Maya Millete's sister Marichris Drouaillet was overcome with emotion at the Oct. 19 news conference announcing the arrest of Larry Millete on suspicion of murdering his wife.
Alexander Nguyen
Maya Millete's sister Maricris Drouaillet was overcome with emotion at the Oct. 19 news conference announcing the arrest of Larry Millete on suspicion of murdering his wife.

A search was planned once again over the weekend for Maya Millete, even after the arrest last week of her husband for murder.

Volunteers have been conducting searches for the 39-year old mother of three since January when she disappeared from her Chula Vista home.

The implications of domestic violence in the case of Maya Millete, underscore an alarming trend — spousal abuse has risen since the beginning of the pandemic.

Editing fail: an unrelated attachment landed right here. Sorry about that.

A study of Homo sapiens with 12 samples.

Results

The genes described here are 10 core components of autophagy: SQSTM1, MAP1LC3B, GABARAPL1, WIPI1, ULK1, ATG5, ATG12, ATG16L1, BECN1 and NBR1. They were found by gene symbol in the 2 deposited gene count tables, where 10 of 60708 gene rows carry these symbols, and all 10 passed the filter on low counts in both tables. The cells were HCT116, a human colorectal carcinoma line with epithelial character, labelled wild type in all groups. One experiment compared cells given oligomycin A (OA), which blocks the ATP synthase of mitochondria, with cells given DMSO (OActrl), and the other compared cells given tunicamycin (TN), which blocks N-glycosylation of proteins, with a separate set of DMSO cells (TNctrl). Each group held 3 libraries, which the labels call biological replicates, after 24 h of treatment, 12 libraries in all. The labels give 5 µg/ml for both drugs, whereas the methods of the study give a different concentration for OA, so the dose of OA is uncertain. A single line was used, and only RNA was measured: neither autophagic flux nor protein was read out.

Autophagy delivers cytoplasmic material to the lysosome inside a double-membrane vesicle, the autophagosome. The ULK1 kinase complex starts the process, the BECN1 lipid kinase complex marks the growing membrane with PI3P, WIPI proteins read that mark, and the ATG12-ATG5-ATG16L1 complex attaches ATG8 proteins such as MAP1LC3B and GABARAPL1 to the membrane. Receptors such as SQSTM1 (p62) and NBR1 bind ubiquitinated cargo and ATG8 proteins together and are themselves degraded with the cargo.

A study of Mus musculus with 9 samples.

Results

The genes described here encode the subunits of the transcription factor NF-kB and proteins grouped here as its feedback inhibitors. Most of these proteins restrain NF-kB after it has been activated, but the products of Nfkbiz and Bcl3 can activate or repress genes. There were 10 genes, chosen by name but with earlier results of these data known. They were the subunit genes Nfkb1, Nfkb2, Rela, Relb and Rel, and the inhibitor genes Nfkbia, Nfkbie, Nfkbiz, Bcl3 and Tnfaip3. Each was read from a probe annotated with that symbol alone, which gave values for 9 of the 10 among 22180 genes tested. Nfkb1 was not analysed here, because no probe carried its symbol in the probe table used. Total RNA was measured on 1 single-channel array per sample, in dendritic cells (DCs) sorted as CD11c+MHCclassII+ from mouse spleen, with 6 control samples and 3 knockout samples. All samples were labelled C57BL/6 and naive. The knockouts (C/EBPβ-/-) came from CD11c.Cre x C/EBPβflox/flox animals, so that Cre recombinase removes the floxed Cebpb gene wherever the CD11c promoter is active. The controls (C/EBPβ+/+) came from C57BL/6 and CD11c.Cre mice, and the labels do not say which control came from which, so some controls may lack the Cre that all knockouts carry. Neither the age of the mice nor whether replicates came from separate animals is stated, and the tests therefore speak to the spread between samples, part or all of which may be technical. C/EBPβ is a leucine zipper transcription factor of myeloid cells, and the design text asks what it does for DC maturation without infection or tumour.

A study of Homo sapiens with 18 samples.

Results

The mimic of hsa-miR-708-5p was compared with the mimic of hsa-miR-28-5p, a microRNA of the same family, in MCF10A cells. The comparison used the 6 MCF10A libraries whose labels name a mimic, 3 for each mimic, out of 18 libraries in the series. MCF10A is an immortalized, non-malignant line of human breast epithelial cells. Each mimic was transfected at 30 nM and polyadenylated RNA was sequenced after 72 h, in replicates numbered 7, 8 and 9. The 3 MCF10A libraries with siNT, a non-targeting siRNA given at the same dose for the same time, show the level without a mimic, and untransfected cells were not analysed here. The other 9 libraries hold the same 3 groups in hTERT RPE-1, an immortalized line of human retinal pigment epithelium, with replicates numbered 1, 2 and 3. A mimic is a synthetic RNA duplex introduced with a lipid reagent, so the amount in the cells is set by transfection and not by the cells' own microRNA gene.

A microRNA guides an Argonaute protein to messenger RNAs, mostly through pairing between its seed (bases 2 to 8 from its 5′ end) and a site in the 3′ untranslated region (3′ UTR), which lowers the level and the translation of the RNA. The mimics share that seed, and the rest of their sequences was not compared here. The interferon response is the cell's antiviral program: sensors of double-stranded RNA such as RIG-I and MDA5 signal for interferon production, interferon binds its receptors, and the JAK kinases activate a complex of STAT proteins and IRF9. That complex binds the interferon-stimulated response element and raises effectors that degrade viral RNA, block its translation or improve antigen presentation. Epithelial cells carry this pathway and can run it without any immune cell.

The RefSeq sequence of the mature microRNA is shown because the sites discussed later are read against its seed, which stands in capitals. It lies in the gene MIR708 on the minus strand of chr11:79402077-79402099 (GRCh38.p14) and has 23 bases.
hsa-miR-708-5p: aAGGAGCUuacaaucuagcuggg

For more information and resources, the National Domestic Abuse hotline is (800) 799-7233.

The American Journal of Emergency Medicine reports a spike in intimate partner violence that coincided with earlier lockdowns.

In observation of October as National Domestic Violence Awareness Month, advocates are using the heightened recognition of the issue to highlight resources for victims.

Ana Serrano with Las Valientes resource group in San Diego spoke with Midday Edition on Monday about what victims of domestic abuse should do to seek help.

She cautioned that victims who wish to escape from an abusive relationship should confide their plans in a trusted friend or family member, make themselves aware of what immediate legal resources they have at their disposal, and ultimately sever all contact with their abuser.